First impressions have never been a problem for Dream Vision point guard Myles Franklin.
At six-feet, four-inches, shoulders back and a huge smile plastered across his face, Franklin is the type to light up a room the second he enters.
But it’s not until Franklin speaks that the full realization of just how well-rounded, humble and friendly the young man is hits home.
Very few Division I athletes have their heads on quite as straight as Franklin, but when they do come around every so often, they all seem to have one thing in common: A great family working hard to support them from the background.
For Franklin, who verbally committed to Northeastern University in Boston this week, basketball is, quite literally, family.
The son of one of the top basketball trainers on the West Coast, and older brother to an elite Division I recruit, Franklin eats, sleeps and breathes basketball.
“I’m blessed to have a great family,” Franklin said. “They support me so much. My dad (Kenny Franklin) is the toughest on me, nothing is a given. I’ve had to work very hard, and be blessed, to be in this position.”
Kenny Franklin, who serves as Dream Vision’s Director of Player Development, is the program’s head trainer, and has coached Myles’ AAU teams throughout his journey from 8th grade to his senior year at Villa Park High School.
Franklin says just as his father’s toughness pulls the best out of him on and off the court, so too does he expect the best out of his younger brother, Julien.
“My little bro is my best friend,” Franklin said. “He is going to be a great player. I’m just trying to show him the ropes and make him better than me.”
Julien, whose 15U Dream Vision squad collected four championships and finished No. 7 in the country last season, has several offers already, including New Mexico.
“I get on him,” Franklin said. “He will get mad or whatever, but he know that I’m just testing him and making sure he is super polished.”
While his dad can be hard as nails on the court, Franklin’s mom offers a lighter touch off of it.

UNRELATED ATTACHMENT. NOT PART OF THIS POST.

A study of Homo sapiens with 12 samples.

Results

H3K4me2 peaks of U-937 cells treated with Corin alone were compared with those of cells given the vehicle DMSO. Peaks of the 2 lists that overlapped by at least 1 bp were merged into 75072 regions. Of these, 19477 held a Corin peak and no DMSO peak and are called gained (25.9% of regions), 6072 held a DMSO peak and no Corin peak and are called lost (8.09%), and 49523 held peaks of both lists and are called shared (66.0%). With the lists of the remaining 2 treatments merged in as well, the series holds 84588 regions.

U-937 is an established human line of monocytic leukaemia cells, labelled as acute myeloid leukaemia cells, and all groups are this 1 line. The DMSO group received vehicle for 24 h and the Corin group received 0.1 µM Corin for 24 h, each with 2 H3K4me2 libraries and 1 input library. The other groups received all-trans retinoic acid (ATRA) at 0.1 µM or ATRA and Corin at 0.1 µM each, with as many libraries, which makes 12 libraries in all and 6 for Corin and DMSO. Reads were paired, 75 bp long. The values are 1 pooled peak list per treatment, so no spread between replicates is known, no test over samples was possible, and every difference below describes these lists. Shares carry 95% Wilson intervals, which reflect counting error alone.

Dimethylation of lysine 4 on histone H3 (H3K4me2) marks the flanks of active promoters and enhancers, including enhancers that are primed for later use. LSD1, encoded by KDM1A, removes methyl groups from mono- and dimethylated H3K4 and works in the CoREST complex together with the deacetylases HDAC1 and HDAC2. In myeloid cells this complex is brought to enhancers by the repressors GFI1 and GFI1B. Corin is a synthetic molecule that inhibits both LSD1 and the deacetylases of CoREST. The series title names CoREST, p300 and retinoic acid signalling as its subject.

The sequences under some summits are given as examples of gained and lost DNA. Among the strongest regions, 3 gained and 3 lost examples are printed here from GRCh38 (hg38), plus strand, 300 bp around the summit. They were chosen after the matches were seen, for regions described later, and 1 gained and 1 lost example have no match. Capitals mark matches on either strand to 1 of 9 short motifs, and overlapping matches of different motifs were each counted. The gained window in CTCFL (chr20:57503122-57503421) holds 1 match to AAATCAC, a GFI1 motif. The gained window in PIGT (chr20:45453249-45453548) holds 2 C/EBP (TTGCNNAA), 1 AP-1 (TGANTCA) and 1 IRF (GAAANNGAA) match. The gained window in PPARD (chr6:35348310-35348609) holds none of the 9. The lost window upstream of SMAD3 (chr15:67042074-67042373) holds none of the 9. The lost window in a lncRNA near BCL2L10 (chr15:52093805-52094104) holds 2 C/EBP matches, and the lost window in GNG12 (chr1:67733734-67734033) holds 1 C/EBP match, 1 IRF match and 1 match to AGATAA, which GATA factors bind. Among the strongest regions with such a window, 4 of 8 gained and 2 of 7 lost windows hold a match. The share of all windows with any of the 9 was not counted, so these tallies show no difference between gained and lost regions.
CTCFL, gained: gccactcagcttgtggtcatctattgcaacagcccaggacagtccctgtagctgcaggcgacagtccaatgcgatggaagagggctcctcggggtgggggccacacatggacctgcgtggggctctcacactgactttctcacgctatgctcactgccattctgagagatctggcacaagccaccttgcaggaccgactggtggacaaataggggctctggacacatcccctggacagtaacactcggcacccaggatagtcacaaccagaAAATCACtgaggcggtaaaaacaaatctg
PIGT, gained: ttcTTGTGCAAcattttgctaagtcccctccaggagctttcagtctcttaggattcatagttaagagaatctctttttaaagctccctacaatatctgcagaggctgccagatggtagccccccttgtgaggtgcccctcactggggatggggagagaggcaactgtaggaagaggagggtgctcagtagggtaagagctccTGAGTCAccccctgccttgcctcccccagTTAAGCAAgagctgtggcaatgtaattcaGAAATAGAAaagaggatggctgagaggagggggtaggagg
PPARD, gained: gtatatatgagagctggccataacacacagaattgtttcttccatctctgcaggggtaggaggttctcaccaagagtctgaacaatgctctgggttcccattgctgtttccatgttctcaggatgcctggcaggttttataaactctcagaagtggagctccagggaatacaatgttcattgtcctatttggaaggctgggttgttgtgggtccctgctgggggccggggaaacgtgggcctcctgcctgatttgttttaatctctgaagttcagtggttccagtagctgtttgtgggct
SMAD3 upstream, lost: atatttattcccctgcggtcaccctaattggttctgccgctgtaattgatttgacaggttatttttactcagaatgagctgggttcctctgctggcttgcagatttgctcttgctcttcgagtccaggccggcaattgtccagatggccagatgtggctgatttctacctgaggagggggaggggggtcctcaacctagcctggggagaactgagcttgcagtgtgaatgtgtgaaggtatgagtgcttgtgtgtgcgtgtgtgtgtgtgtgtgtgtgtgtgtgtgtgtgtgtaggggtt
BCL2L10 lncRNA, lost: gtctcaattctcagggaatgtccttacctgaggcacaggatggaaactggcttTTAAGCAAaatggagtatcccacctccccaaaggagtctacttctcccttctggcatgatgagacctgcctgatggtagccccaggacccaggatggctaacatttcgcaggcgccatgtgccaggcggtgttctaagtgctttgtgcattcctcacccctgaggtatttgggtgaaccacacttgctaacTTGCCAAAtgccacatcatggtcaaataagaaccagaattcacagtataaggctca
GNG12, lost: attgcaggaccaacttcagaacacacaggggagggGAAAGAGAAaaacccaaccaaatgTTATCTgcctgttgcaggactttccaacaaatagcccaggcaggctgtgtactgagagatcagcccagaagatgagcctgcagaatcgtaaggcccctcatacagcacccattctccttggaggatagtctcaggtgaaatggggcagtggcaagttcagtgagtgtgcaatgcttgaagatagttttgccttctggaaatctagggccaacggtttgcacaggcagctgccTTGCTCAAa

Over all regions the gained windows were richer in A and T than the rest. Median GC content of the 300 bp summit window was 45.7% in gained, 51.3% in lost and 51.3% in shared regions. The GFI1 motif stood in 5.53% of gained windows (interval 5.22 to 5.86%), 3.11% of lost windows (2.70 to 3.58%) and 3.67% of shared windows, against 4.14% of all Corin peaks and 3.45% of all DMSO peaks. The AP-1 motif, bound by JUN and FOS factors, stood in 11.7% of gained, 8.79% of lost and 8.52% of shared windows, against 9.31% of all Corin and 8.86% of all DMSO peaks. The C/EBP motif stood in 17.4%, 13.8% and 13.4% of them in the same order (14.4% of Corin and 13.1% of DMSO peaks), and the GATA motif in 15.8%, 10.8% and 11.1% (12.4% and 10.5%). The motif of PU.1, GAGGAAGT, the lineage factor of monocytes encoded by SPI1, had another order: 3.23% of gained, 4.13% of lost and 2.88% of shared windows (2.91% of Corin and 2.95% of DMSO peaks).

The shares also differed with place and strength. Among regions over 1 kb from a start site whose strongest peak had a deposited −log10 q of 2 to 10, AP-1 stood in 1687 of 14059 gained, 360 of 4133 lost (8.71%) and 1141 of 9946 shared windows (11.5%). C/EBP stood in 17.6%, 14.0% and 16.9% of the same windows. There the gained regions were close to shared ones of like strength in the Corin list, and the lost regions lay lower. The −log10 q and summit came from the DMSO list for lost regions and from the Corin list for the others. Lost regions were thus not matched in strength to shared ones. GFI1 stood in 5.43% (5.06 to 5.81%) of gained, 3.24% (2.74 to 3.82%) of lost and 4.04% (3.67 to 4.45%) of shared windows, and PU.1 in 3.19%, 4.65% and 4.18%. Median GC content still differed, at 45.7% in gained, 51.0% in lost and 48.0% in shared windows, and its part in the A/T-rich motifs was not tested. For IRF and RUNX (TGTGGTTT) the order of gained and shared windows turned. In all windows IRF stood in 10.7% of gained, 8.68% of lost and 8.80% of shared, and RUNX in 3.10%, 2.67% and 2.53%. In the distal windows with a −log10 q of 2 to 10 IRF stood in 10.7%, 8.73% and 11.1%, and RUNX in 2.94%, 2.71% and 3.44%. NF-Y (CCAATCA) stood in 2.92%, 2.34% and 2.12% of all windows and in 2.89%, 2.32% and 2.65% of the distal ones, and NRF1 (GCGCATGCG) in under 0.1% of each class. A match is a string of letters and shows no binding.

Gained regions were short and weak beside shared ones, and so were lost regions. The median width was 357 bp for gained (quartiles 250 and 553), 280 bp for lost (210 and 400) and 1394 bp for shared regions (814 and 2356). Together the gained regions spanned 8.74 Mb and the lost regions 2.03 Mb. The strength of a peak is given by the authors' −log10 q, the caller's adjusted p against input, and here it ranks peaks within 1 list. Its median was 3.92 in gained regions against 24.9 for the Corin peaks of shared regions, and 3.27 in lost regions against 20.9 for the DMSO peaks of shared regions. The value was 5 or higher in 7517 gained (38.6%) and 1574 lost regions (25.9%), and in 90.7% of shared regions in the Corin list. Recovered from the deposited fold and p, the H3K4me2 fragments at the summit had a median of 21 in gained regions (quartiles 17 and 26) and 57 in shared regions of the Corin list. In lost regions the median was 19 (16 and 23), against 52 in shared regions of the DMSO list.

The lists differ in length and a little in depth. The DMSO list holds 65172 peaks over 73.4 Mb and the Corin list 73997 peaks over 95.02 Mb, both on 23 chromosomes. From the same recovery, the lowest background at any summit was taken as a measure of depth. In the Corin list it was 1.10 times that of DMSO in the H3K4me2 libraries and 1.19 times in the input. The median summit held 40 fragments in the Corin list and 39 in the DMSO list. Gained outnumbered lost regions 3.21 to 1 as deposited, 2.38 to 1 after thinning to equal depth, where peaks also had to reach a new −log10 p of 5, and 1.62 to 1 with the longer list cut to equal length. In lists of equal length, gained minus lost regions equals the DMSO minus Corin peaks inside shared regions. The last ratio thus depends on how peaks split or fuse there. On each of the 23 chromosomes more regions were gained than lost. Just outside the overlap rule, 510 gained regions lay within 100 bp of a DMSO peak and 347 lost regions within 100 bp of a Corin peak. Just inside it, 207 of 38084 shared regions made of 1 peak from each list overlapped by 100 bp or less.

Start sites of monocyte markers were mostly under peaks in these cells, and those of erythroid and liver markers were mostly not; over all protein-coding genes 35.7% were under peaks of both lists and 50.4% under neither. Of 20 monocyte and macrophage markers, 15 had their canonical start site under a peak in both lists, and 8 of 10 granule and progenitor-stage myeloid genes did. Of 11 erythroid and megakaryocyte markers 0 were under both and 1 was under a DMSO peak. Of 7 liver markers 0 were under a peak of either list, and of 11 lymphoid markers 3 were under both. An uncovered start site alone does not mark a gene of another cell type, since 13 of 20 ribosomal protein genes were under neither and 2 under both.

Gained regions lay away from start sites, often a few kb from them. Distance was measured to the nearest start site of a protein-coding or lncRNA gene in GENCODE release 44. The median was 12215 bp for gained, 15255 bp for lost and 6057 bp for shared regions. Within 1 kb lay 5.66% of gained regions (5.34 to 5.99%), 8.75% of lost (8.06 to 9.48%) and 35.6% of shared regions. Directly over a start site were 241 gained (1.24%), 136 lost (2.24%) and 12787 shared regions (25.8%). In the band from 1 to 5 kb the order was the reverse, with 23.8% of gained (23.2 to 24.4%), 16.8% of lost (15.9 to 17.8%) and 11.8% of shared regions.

“My mom is very supportive,” Franklin said. “I can come to her for everything.”
Franklin credits his family as a big part of why he is where he is today, and that family extends, of course, to longtime friend and Dream Vision teammate Evan Battey, who committed to Colorado earlier this offseason.
Teammates at Villa Park as well, Battey and Franklin were on the same team in 4th grade and have been best friends ever since.
“I consider him a brother,” Franklin said.
Which is why it will be a little weird a year from now when the two will be playing for different teams for the first time in a lifetime.
“This year, we just have to enjoy everything,” Franklin said. “He is going to eat at Colorado. We will have time to hang out when he makes it to the league.”
The future may be just as bright for Franklin, on the basketball court, and off, as Northeastern is renowned on multiple levels for developing its talent.
Ninety-percent of Northeastern undergrads spend time in the workforce prior to graduation, and the college is No. 1 in the country in turning out workforce-ready graduates.
Franklin hasn’t decided on a major yet but is considering medical, marketing or criminal justice, and said Northeastern’s academic reputation, as well as its location in the center of a bustling city were major factors in his decision.
“It’s in the heart of Boston,” Franklin said. “I love that there are so many other colleges surrounding it. You could meet a new friend from a different school every day if you wanted to.”
Elated about the prospect of joining Northeastern’s basketball program, headed by Bill Coen, Franklin said the school’s reputation for developing players was very important to him.
“They made me feel like I was already part of the team,” Franklin said. “I feel like they really have faith in me as a player and can take my game to the next level. Coach Coen understands the game and knows a lot of people in the basketball world.”
Franklin feels his skill-set fits in well with Northeastern’s offense.
“A lot of ball-screens,” Franklin said. “It’s a fast-moving, read-and-react offense. They see me as point, but in their offense, any guard has the option to attack.”
Before Franklin heads to Boston, however, there is still unfinished business yet to be accomplished under head coach Kevin Reynolds at Villa Park.
“Villa Park has been amazing,” Franklin said. “Coach Reynolds knows how to push me as a player, and how to push the team as a group. There is a long track-record of great players coming out of Villa Park.
“I want to be one of those players that people talk about.”
To contact Brandon Petersen, e-mail email@example.com.